He was a forerunner to the Renaissance, the painter who introduced life-like drawing and was able to draw a perfect "O" without a compass. His name was Giotto.
Much of what we know about Giotto today is subject to uncertainty and legends, like his exact birthdate, birthplace, appearance, where he apprenticed, the chronology of his works and his burial place. The artist was born Ambrogio or Angiolo di Bondone, most likely in 1267 in Colle di Vespignano (Vicchio), 35 kilometres north of Florence. He was probably trained in the workshop of Cenni di Peppi, also known as Cimabue, the artist with whom Giorgio Vasari begins his Lives that document all the Italian artists he knew.
According to legend, Cimabue discovered Giotto, a humble shepherd, while drawing his sheep on a rock. The pictures were so life-like that Cimabue approached the boy’s family to ask if he could take him on as an apprentice. Another legend says that the young apprentice painted a fly in one of Cimabue’s pieces so realistically that the artist tried brushing it off!
Some scholars consider the small San Giorgio alla Costa Madonna and Child (part of the collection of the Diocesan Museum at Santo Stefano al Ponte of Florence and on long-term loan to the Museo dell’Opera del Duomo) to be Giotto’s first independent panel painting. Stylistically the work is still close to that of his master – an important document of early Giotto. Giotto probably followed Cimabue to Assisi to paint several frescoes, including the cycle depicting the Life of St. Francis, whose attribution is still a topic of discussion.
According to some documents dated to 1301 and 1304, the artist owned large estates in Florence, likely was leading a large workshop and was receiving commissions from all over Italy, such as Padua (where he decorated the interior of the Arena or Scrovegni Chapel, his most complete and important surviving fresco cycle), Assisi and Rome.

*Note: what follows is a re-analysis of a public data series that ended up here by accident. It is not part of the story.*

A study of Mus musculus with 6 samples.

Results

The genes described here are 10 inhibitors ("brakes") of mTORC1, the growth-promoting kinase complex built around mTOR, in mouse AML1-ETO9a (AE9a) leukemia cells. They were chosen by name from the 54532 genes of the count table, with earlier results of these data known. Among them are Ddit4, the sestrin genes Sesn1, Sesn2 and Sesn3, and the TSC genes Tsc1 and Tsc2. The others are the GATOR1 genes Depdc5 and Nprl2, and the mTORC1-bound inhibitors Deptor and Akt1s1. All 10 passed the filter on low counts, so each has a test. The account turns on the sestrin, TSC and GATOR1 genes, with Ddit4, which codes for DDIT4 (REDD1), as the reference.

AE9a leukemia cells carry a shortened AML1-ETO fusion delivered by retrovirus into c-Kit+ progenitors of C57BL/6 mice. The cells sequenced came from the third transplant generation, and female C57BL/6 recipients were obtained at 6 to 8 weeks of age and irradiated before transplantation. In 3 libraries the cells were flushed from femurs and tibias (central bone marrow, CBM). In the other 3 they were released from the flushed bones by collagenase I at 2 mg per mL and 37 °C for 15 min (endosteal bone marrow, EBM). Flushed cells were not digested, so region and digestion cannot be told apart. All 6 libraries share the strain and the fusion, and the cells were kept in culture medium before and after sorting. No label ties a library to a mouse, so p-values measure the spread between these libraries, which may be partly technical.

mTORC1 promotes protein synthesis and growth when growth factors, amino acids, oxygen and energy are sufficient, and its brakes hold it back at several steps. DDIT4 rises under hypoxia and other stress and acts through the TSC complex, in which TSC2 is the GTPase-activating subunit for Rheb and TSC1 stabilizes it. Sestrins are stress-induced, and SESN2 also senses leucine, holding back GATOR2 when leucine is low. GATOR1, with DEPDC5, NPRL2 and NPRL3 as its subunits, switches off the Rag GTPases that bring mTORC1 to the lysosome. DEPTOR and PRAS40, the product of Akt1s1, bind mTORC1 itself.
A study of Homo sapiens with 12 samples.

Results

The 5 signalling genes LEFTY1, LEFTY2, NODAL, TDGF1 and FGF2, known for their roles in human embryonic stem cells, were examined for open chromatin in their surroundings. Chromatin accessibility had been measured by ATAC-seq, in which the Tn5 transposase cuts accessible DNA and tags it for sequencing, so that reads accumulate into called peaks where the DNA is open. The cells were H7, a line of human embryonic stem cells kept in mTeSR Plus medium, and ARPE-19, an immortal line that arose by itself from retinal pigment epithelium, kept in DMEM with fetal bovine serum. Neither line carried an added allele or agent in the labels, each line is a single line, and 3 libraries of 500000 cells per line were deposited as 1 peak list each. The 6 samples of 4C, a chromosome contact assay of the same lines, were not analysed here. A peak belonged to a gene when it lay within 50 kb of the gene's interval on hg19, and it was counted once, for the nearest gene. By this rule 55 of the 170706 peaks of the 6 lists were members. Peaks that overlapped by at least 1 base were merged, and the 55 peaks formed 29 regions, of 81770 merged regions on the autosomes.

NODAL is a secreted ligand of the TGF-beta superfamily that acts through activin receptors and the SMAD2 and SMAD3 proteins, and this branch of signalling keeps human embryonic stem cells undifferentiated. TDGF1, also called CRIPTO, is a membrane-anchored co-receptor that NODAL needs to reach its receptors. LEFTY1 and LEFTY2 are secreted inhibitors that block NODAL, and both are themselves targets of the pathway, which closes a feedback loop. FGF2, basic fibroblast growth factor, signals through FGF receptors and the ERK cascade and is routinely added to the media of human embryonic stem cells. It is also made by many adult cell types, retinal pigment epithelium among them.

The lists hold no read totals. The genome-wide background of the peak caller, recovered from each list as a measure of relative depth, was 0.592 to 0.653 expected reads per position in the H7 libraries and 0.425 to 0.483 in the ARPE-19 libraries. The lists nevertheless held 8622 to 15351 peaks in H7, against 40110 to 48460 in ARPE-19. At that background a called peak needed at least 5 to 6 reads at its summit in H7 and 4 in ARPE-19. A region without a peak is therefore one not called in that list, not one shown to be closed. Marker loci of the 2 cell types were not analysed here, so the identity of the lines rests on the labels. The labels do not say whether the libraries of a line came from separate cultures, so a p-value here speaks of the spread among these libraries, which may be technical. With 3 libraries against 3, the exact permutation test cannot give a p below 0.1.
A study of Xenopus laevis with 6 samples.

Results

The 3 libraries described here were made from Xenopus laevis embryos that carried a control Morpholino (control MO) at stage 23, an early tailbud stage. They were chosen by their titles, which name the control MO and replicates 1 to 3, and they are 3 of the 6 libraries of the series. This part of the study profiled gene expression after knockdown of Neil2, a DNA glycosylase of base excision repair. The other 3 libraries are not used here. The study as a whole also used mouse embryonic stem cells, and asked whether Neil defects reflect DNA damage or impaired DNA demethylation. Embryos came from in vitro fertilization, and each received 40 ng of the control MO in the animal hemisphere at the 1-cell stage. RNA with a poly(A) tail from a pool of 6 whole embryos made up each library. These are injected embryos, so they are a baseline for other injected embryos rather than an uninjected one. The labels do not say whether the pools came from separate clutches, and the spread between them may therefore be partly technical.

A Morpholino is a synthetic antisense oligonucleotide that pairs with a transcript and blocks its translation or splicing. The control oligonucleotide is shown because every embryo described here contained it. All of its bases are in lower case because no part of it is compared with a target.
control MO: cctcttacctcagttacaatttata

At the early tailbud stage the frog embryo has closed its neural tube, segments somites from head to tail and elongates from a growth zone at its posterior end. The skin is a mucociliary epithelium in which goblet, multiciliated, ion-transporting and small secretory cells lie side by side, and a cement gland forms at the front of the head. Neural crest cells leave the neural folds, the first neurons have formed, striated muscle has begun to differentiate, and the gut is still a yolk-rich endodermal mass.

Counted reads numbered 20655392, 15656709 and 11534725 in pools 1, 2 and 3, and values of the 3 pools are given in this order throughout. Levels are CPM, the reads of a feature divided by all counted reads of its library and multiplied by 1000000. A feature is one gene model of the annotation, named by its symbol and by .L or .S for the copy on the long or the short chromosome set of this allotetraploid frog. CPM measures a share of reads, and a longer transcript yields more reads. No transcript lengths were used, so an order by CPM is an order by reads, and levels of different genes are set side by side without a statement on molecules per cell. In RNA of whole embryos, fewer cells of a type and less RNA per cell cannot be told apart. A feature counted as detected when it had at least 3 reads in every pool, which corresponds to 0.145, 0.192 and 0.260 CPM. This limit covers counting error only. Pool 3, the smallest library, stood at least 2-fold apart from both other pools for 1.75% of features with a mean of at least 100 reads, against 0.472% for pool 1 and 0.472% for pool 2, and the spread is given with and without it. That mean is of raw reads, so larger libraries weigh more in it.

Giotto died in January 1337 and was possibly buried in the Church of Santa Reparata with a solemn ceremony paid for by the city. Dante acknowledged the greatness of his contemporary in his Divine Comedy, writing in Purgatory (XI, 94–96): "Cimabue believed that he held the field In painting, and now Giotto has the cry, So the fame of the former is obscure."
Giotto’s first proven Florentine masterpiece (dated to around 1290) is the large Crucifix in the Basilica of Santa Maria Novella, roughly 5 metres in height and a revolutionary work. Christ’s body is painted vertically, with his legs bent, depicting a truly human figure.
A work that is considered among the ones at the height of his artistic maturity is the Ognissanti Madonna altarpiece, a large tempera and gold painting now in the Uffizi Gallery. Also featured in the Giotto Hall is the Badia Polyptych (1301-1304), composed of five framed paintings with a triangular cusp, portraying the Virgin and the Saints Nicholas of Bari, John the Evangelist, Peter and Benedict.
In 1318 Giotto started painting chapels for four Florentine families in the Basilica of Santa Croce: Bardi Chapel (Life of St. Francis), Peruzzi Chapel (Life of St. John the Baptist and St. John the Evangelist), the lost Giugni Chapel (Stories of the Apostles) and Tosinghi Spinelli Chapel (Stories of the Holy Virgin). As with most aspects of he’s career, the dates of these frescoes are disputed.
The Bardi Chapel, to the right of the church’s main chapel, was largely painted a secco, a quicker but less durable technique. The Peruzzi Chapel was especially famous during the Renaissance and this work later influenced Masaccio’s frescoes in the Brancacci Chapel, as well as Michelangelo, 200 years later, who is known to have studied the Santa Croce frescoes.
After a series of commissioned works in Rome, Naples and Bologna, Giotto spent his last years working as an architect, almost always in Florence. In 1334 he was appointed chief of the construction sites in Piazza Duomo and superintendent of public works for the city. That same year he began working on the cathedral’s new bell tower. Interestingly, even though the it is today known as Giotto’s Bell Tower, the artist actually only completed the lower floor before his death and the final result is not entirely faithful to his original designs.
Giotto's last known work is the decoration in the Podestà Chapel inside the Bargello palace, with a cycle of frescoes that include the oldest portrait of Dante Alighieri.